I received this book for free in exchange for an honest review. This does not affect my opinion or the content of my review. Affiliate links within the post provide a small commission to support blog expenses and giveaways. This is in accordance with US FCC regulations.Little Woman in Blue by Jeannine Atkins
Published by She Writes Press Source: Author
September 15th 2015 | Pages: 280
1. I’ve noticed that the more tabs I’ve added to a book while reading, the more I’ve enjoyed it. I tab interesting words, quotes that seem to be a theme, and things I want to know more about. The colors don’t matter. I tell you this because it’s difficult to see my tabbing impact on an e-reader, but look at Jeannine Atkins’ Little Woman in Blue. The adult years of artist May Alcott Nieriker’s efforts to become a professional artist are chronicled in a story of sisterly love, professional passion, and a little romantic love as well. I adored this book!
2. It doesn’t matter that these are actual moments in the lives of people who actually lived. It’s an interesting story. Readers don’t need to know anything about the Alcotts or history to enjoy the feelings of sibling rivalry that May feels towards Louisa. As the youngest child, May was often sent away and sheltered during times of family crisis, usually to make it easier for those behind to get on with what needed doing. It left her feeling left out and the rest of the family inadvertently seeing her as delicate, which she was not.
3. The main characters of Little Woman in Blue were so real. Louisa often came across as dour, and May as a little petulant, but I liked both and wanted them to come to an understanding of each other. Part of the problem was the big age gap between the sisters, but as adults it was all about communication, which was not their strength as a pair.
4. The glitterati of literature and arts in the 1860s-80s are sprinkled through May’s life like little surprises in a Mardi Gras king cake. Whether she is boating with Julian, son of Nathaniel Hawthorne, or discussing their lives as female artists with Mary Cassatt, readers are treated to a behind the scenes of a time when both print and painted art was changing.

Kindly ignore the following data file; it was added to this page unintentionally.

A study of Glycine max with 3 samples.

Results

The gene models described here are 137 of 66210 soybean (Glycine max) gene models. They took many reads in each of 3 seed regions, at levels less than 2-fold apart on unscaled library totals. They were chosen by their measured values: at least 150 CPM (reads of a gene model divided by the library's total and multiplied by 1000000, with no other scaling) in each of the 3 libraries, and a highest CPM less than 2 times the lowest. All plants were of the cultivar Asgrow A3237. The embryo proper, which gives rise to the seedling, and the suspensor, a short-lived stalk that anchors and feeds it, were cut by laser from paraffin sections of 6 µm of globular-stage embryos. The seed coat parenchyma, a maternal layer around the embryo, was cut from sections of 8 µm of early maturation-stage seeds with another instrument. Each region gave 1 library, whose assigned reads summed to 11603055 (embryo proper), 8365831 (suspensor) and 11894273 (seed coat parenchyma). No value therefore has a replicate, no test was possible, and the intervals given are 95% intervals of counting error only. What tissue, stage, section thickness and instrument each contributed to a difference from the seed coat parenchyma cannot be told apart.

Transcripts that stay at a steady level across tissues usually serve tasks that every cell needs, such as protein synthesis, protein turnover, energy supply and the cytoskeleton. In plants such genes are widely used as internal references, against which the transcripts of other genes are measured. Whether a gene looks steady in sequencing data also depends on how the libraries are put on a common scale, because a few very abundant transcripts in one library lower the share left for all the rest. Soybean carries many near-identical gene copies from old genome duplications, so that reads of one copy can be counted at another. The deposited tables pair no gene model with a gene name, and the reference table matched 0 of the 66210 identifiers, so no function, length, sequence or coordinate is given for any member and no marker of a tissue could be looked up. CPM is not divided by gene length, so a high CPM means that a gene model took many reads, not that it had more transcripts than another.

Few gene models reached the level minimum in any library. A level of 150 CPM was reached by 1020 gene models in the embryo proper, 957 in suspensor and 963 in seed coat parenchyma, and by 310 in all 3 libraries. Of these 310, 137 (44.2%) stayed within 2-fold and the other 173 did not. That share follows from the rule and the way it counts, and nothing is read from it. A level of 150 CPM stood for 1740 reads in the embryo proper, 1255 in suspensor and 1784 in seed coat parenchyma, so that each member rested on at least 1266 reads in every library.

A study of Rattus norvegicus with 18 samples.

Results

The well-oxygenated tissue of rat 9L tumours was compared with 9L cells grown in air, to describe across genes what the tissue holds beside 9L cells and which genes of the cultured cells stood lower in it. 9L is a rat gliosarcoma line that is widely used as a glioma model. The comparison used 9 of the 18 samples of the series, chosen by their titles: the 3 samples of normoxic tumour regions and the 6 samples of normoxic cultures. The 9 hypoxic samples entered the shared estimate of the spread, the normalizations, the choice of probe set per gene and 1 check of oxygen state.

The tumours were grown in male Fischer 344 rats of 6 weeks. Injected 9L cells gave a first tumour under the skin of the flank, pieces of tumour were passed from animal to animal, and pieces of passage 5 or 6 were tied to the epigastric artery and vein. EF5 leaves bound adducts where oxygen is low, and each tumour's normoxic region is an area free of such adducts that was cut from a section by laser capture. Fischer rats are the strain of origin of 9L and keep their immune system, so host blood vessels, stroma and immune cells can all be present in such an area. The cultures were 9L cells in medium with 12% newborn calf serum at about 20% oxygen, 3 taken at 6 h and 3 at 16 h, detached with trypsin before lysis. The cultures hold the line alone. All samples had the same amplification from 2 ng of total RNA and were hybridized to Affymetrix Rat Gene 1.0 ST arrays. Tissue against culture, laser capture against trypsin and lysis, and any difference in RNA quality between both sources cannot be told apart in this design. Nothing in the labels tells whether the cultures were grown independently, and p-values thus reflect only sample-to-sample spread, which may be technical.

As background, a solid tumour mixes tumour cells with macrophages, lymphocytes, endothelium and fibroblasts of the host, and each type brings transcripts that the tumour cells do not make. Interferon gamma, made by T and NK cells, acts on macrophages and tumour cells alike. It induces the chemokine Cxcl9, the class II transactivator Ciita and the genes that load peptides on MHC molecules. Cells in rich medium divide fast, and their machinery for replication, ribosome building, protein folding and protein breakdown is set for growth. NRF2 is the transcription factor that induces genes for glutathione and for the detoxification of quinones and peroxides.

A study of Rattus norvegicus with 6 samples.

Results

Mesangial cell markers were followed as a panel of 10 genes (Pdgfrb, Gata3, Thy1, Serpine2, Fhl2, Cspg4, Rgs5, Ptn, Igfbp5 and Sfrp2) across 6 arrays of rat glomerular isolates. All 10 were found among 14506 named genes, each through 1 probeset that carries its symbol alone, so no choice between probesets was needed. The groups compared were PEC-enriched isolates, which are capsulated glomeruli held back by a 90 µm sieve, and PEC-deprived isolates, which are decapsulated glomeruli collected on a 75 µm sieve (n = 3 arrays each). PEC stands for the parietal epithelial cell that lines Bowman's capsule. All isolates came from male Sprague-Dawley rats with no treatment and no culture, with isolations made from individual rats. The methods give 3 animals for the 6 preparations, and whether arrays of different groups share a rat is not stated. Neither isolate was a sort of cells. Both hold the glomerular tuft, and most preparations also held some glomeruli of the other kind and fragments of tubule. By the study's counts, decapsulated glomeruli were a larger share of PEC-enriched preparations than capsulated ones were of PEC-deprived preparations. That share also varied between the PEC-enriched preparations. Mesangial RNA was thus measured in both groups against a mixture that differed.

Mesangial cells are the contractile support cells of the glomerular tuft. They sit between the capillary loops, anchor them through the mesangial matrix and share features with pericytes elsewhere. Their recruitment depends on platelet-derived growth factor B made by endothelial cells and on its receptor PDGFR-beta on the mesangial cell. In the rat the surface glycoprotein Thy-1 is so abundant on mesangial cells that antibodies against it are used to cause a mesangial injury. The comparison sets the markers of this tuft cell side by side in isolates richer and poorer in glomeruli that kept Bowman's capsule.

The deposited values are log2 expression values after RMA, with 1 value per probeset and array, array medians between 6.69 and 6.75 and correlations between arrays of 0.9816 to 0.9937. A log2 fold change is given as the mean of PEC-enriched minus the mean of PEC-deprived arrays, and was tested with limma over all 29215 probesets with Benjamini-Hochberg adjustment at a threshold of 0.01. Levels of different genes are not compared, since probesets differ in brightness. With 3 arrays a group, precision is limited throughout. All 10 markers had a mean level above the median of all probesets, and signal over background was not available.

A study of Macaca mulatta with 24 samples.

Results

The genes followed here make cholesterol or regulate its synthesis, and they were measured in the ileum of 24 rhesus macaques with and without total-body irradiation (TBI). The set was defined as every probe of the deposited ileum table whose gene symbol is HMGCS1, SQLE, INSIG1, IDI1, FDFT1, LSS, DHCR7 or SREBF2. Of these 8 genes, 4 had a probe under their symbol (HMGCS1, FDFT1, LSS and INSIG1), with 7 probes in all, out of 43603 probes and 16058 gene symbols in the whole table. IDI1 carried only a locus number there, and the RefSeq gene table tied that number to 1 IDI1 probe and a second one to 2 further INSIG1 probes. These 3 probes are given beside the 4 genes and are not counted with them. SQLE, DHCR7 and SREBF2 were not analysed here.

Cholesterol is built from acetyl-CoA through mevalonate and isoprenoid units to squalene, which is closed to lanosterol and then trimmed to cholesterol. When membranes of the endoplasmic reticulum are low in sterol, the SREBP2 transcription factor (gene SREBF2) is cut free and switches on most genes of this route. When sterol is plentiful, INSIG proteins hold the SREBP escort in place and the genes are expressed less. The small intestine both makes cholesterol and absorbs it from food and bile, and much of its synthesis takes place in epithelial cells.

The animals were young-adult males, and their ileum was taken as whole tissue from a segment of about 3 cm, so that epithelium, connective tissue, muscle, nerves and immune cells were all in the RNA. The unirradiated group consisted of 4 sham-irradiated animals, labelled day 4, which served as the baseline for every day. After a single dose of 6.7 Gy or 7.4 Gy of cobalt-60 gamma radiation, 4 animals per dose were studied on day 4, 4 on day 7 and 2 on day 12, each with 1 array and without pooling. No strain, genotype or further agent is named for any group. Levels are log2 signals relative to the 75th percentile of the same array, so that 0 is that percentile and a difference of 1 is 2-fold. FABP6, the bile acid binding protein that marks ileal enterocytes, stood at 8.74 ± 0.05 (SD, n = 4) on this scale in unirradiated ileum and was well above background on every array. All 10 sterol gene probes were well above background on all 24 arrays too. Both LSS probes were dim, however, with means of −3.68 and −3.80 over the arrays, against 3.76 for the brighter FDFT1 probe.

5. Little Woman in Blue is full of exciting moments in history! Louisa goes off to nurse during the Civil War, returning with a fever that almost kills her. The Paris Commune, a radical socialist revolutionary group takes over the French government, inciting riots for months, when May is traveling Europe to study art.
May Alcott accomplished more in her artistic career as a woman than many male artists of her time. She exhibited at the Paris Salon twice, was an early instructor of Daniel Chester French, sculptor of the Lincoln Memorial and Minuteman statues, was the original illustrator of Little Women, and wrote a travel book for American studying art in Paris. All before the age of 40!
American literature lovers visiting New England must put Concord, MA on their places to go. Not only can you visit Orchard House to see the amazing murals and ceiling May painted when Louisa was so ill in 1862-63, the homes of Emerson, Thoreau, and Hawthorne are all nearby. It’s a beautiful setting with Walden Pond State Park and Minute Man National Historic Park, where the “shot heard ‘round the world” was fired.